Updated: Oct 24, 2021
The road to rejection is paved with bad beginnings. Agents and editors agree: Improper story beginnings are the single biggest barrier to publication. Why? If a novel or short story has a bad beginning, then no one will keep reading. It's just that simple. In Hooked, author Les Edgerton draws on his experience as a successful fiction writer and teacher to help you overcome the weak openings that lead to instant rejection by showing you how to successfully use the ten core components inherent to any great beginning. You'll find:
Detailed instruction on how to develop your inciting incident
Keys for creating a cohesive story-worthy problem
Tips on how to avoid common opening gaffes like overusing backstory
A rundown on basics such as opening scene length and transitions
A comprehensive analysis of more than twenty great opening lines from novels and short stories Plus, you'll discover exclusive insider advice from agents and acquiring editors on what they look for in a strong opening. With Hooked, you'll have all the information you need to craft a compelling beginning that lays the foundation for an irresistible story!
Write Scenes that Move Your Story Forward
In Make a Scene, author Jordan E. Rosenfeld takes you through the fundamentals of strong scene construction and explains how other essential fiction-writing techniques, such as character, plot, and dramatic tension, must function within the framework of individual scenes in order to provide substance and structure to the overall story. You'll learn how to:
Craft an opening scene that hooks readers and foreshadows supporting scenes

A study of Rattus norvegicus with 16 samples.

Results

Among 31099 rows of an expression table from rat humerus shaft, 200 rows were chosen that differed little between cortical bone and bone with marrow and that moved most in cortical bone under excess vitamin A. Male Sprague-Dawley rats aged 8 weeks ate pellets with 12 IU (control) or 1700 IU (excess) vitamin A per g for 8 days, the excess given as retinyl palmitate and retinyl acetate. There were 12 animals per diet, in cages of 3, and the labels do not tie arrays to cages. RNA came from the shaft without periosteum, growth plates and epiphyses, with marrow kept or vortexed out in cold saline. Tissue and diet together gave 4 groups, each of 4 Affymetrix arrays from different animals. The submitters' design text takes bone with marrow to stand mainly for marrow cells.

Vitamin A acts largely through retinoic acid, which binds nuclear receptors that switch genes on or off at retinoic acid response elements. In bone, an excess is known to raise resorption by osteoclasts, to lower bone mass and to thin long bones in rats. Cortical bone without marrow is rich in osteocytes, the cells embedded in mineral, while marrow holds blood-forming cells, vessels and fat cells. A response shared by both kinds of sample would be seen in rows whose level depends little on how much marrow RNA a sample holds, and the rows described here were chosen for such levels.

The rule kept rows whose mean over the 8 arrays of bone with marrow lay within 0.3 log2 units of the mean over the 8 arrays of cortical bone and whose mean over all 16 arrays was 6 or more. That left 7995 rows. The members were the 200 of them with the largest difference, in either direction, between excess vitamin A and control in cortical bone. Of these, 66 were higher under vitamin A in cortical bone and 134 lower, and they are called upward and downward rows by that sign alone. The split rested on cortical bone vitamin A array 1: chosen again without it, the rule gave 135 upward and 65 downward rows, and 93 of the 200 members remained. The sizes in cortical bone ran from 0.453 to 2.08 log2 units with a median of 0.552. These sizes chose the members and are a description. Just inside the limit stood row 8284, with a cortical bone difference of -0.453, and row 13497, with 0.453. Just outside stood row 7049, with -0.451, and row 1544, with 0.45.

Develop various scene types - from the suspenseful to the dramatic to the contemplative - that are distinct and layered
Tailor character and plot around specific scene types to better convey the nuances of your storyline
Create resonating climactic and final scenes that stay with readers long after they've finished your work
Get your stories off to a roaring start.
Keep them tight and crisp throughout.
Conclude them with a wallop.
Is the story or novel you've been carrying around in your head the same one you see on the page? Or does the dialogue suddenly sound flat and predictable? Do the events seem to ramble?
Translating a flash of inspiration into a compelling story requires careful crafting. The words you choose, how you describe characters, and the way you orchestrate conflict all make the difference—the difference between a story that is slow to begin, flounders midway, or trails off at the end—and one that holds the interest of readers and editors to the final page.
By demonstrating effective solutions for potential problems at each stage of your story, Nancy Kress will help you...
• Hook the editor on the first three paragraphs
• Make—and keep—your story's "implicit promise"
• Build drama and credibility by controlling your prose
Dozens of exercises help you strengthen your short story or novel. Plus, you'll sharpen skills and gain new insight into...
• The price a writer pays for flashbacks
• Six ways characters should "reveal" themselves
• Techniques for writing—and rewriting
Let this working resource be your guide to successful stories—from beginning to end.